For instance, employees’ data (salaries, personal details, etc) that once used to be written in thick stacks of log books kept for years are now stored on digital drives and databases. A quick keyword search can pull up all the information you need. More importantly, the use of online shared drives and collaboration applications means information can be accessed anytime, anywhere on any digital device.
While this is being welcomed for the convenience it brings about, many are unaware of the underlying threats that come with it, as shared in a recent research commissioned by Kaspersky Lab, which surveyed 7,000 employed adults from December 2018 to January 2019 across the Malaysia, the UK, US, France, Spain, Germany, Italy, Brazil, China, Mexico, Japan, South Africa, Russia and Turkey who work in an office and use computers.
Titled: ‘Sorting out digital clutter in business’, the research found that easy access to digital files could allow former employees to use the data for their own purposes. For instance, they may accidentally edit, delete or damage a document shared with others in the organisation, or even use this information in their new workplace.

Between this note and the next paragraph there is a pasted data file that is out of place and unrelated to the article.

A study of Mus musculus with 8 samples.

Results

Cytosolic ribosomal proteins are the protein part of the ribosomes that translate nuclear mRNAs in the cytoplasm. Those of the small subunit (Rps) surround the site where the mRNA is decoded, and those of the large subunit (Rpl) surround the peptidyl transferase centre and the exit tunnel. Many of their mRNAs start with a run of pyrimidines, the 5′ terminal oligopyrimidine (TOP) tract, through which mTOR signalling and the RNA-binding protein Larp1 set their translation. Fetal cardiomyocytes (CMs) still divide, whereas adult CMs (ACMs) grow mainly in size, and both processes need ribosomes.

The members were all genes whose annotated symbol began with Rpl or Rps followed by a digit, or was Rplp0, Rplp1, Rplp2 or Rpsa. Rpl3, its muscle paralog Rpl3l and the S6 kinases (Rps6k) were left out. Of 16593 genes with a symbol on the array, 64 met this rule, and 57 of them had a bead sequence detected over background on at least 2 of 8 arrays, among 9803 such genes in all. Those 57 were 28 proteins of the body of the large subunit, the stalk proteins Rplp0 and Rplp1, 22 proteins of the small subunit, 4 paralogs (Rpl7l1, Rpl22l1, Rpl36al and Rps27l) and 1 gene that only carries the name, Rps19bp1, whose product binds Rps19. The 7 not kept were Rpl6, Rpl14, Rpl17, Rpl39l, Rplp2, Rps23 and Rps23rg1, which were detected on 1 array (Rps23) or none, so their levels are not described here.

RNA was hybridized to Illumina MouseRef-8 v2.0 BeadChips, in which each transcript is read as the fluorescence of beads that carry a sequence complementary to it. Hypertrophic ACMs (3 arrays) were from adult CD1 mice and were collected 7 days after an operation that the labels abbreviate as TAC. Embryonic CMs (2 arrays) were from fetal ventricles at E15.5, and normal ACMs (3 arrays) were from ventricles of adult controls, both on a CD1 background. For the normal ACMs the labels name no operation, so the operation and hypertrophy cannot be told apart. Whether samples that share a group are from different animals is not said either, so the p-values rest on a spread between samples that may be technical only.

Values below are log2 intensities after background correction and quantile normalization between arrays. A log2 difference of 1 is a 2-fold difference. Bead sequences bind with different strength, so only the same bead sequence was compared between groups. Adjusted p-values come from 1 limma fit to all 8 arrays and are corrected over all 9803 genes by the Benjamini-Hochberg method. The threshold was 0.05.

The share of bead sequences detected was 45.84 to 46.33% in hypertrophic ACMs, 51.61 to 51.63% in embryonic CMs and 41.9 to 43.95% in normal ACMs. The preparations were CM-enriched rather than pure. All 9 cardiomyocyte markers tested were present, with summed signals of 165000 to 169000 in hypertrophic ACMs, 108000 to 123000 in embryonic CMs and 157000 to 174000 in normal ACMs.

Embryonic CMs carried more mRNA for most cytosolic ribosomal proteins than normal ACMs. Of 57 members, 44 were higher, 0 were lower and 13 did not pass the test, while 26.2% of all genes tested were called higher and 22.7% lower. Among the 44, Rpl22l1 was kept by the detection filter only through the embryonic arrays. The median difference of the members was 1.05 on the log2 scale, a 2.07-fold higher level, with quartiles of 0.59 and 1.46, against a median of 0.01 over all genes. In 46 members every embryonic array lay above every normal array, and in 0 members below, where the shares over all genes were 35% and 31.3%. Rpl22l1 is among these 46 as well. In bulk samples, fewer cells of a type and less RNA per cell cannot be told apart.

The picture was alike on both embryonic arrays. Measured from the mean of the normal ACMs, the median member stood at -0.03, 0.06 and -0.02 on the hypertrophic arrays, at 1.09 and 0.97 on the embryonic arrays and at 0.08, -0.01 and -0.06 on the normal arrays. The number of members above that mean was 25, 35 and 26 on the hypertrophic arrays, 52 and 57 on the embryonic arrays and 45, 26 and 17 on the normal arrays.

Even worse, if an employee has left the organisation on a bad note, there is a chance they may tamper with the data or release the data online. This not just requires time and effort to recover data lost, but also poses a security threat to intellectual property involved.
In fact, the following statistics were highlighted in the research:
- 37% of people have accidentally accessed confidential information of their colleagues, such as salaries or bonuses at work.
- 33% of people claim to have access to files from a previous workplace.
- 80% of people don’t think they are responsible for ensuring documents such as emails, files and documents have the appropriate access controls or limits.
- 72% of employees store documents at work that contain personally identifiable information or sensitive data.
In line with that, how can HR work with the organisation’s IT or security department to ensure problems do not arise from the usage of digital files?
For one, HR can organise training sessions to educate employees on the seriousness of such situations, and how to better organise or take charge of their data as preventive measures.
Further, encourage employees to make backups of important information, and HR should also have confidential information backed up in a safe folder to ensure no unnecessary access is granted. It will be good to engage a reliable cybersecurity solution provider for extra measures in protecting confidential employee data.
Lastly, make it a point to check that former employees no longer have access to shared documents or work email accounts.